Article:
Albright the Beautician Reveals Secrets of Queen Esther’s Cosmetic Aids

After Esther, ward of Mordecai, entered the harem of the Persian king Ahasuerus, she, along with the other virgins from whom the King would choose his queen, underwent a year’s preparation before being taken to the King. The Bible tells us that:

Hazor and the Battle of Joshua—Is Joshua 11 Wrong?

In his article “Hazor and The Battle of Deborah—Is Judges 4 Wrong?” BAR 01:04, Yohanan Aharoni writes (concerning the apparent endorsement by the BAR editor of my view that Judges 4 is “a late inaccurate gloss”): “Don’t reject the historicity of the Biblical text so easily”.

Found in Jerusalem: Remains of the Babylonian Siege

On the last day of his 1975 season Professor Nachman Avigad of Hebrew University, digging in the Jewish Quarter of the Old City of Jerusalem, discovered four arrowheads buried in ashes at the base of a massive stone defense tower. The tower was built by the Israelites more than 2600 years ago—before the Babylonian […]

Kathleen Kenyon Replies to the “BAR”

As reported in the December issue of the BAR (Queries & Comments, BAR 01:04), at the time we went to press with that issue, we had received no reply from Kathleen Kenyon to the articles in our September issue (“Kathleen Kenyon’s Anti-Zionist Politics—Does It Affect Her Work?” BAR 01:03), although we had written Dr. […]

American “Lawrence of Arabia” Dies

Wendell Phillips, dead at the age of 54, was surely the world’s richest archaeologist. The “riches” part of his rags-to-riches story resulted from hundred of oil leases which gave him the right to extract and sell the black gold. At his death, he was the largest individual holder of oil concessions in the world. […]

Excavating Anthropoid Coffins in the Gaza Strip

Trude Dothan arrived at the Gaza checkpoint precisely at eight in the morning. She had left her Jerusalem flat before dawn, had driven westward down the umber Judean hills toward the coast, then headed south toward Ashkelon—3,000 years ago, a powerful city-state within the Philistine pentapolis—now, a thriving Israeli city. South of Ashkelon, there […]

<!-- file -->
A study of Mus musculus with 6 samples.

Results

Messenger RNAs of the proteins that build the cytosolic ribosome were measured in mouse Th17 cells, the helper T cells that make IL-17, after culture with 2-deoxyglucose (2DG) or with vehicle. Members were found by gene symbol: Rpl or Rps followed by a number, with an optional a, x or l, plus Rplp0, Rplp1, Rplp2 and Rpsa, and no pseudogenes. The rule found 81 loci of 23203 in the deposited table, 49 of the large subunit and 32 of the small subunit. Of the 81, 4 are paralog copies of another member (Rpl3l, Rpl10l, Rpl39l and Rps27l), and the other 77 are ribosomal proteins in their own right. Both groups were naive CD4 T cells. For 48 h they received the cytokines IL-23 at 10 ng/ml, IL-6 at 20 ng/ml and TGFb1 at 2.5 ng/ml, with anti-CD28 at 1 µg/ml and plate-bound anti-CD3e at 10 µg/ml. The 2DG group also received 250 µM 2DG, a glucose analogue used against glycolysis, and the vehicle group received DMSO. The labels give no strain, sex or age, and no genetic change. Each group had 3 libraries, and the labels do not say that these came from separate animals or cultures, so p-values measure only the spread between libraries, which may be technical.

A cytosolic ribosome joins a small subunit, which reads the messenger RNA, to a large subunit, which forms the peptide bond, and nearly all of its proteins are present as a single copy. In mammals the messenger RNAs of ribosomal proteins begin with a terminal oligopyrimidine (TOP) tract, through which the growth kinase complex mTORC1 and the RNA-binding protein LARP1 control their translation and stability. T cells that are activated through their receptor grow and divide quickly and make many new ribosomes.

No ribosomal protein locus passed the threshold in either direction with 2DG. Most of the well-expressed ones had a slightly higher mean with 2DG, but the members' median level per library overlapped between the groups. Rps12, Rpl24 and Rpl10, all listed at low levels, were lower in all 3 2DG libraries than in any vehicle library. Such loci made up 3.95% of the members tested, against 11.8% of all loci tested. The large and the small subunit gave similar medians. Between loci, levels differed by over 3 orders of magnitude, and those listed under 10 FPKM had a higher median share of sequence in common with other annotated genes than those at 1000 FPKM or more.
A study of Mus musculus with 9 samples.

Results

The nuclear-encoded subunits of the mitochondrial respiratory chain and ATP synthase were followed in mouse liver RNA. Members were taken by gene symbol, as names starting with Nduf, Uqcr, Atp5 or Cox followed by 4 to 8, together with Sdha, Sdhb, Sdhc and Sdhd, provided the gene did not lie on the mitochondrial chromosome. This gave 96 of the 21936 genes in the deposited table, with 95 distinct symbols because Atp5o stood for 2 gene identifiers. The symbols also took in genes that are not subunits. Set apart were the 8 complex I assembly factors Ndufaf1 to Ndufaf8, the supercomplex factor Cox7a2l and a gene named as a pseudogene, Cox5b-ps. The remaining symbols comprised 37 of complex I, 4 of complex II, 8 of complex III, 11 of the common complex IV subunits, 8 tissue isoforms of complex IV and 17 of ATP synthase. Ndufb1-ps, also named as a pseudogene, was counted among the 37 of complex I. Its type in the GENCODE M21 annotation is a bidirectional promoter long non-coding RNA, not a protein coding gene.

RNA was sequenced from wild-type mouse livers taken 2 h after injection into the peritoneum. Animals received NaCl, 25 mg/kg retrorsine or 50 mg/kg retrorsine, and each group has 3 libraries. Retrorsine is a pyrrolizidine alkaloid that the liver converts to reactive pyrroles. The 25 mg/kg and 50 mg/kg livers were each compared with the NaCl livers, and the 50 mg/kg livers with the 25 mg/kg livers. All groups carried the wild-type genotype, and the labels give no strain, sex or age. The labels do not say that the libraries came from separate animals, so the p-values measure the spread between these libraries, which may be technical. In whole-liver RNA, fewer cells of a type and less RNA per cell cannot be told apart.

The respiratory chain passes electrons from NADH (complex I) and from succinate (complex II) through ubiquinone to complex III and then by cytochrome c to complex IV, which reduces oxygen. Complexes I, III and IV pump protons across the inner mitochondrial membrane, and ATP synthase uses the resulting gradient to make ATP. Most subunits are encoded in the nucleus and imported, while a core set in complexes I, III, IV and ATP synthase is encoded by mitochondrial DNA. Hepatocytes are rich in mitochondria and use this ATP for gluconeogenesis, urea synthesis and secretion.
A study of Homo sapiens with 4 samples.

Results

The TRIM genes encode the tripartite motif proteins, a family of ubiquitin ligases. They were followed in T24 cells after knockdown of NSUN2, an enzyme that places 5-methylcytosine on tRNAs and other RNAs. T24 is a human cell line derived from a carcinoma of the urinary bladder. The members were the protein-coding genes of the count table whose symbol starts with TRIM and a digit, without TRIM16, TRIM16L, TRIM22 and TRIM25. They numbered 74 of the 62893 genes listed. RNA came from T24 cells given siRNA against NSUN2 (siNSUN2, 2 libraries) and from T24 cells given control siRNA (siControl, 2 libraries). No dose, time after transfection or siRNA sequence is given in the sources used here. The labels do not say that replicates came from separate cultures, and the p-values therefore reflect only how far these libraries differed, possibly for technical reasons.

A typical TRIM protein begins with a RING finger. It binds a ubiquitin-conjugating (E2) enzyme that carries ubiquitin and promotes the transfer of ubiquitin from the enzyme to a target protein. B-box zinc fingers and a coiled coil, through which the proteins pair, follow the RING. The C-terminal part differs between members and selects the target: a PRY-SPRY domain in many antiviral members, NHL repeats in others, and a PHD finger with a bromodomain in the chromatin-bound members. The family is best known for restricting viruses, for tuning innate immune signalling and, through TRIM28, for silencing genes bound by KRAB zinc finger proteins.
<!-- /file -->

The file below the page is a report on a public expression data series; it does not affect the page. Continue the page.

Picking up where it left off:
Using Neutron Activation Analysis to Establish the Provenance of Pottery

During the last 25 years, professional archaeologists have become accustomed to relying on a wide variety of experts, both on the dig and afterward. Today no excavation would go into the field without an architect and photographer, or hesitate to call in a numismatist or bone specialist to study the collected material. A geologist, […]

Cache of Hebrew and Phoenician Inscriptions Found in the Desert

Over 100 years ago Edward Palmer explored the Sinai desert and recorded his findings in a still fascinating book entitled The Desert of the Exodus. At a site called by the Arabs Kuntillat, Palmer found some architectural remains which he identified as a Roman outpost on the ancient road from Gaza to Eilat. According […]

From the Volunteer’s Viewpoint: History by the Bucketful

“What brings you here?” is a frequent question of introduction when Tell Beer-Sheva volunteers introduce one another. The answers reveal students of archaeology from various universities coming for field experience, others looking for a new or different experience, Biblical students, or volunteers, like myself, interested in archaeology, this land and its history, or wanting […]

Opportunities for Volunteers

Opportunities for volunteers on archaeological excavations next summer are numerous and varied.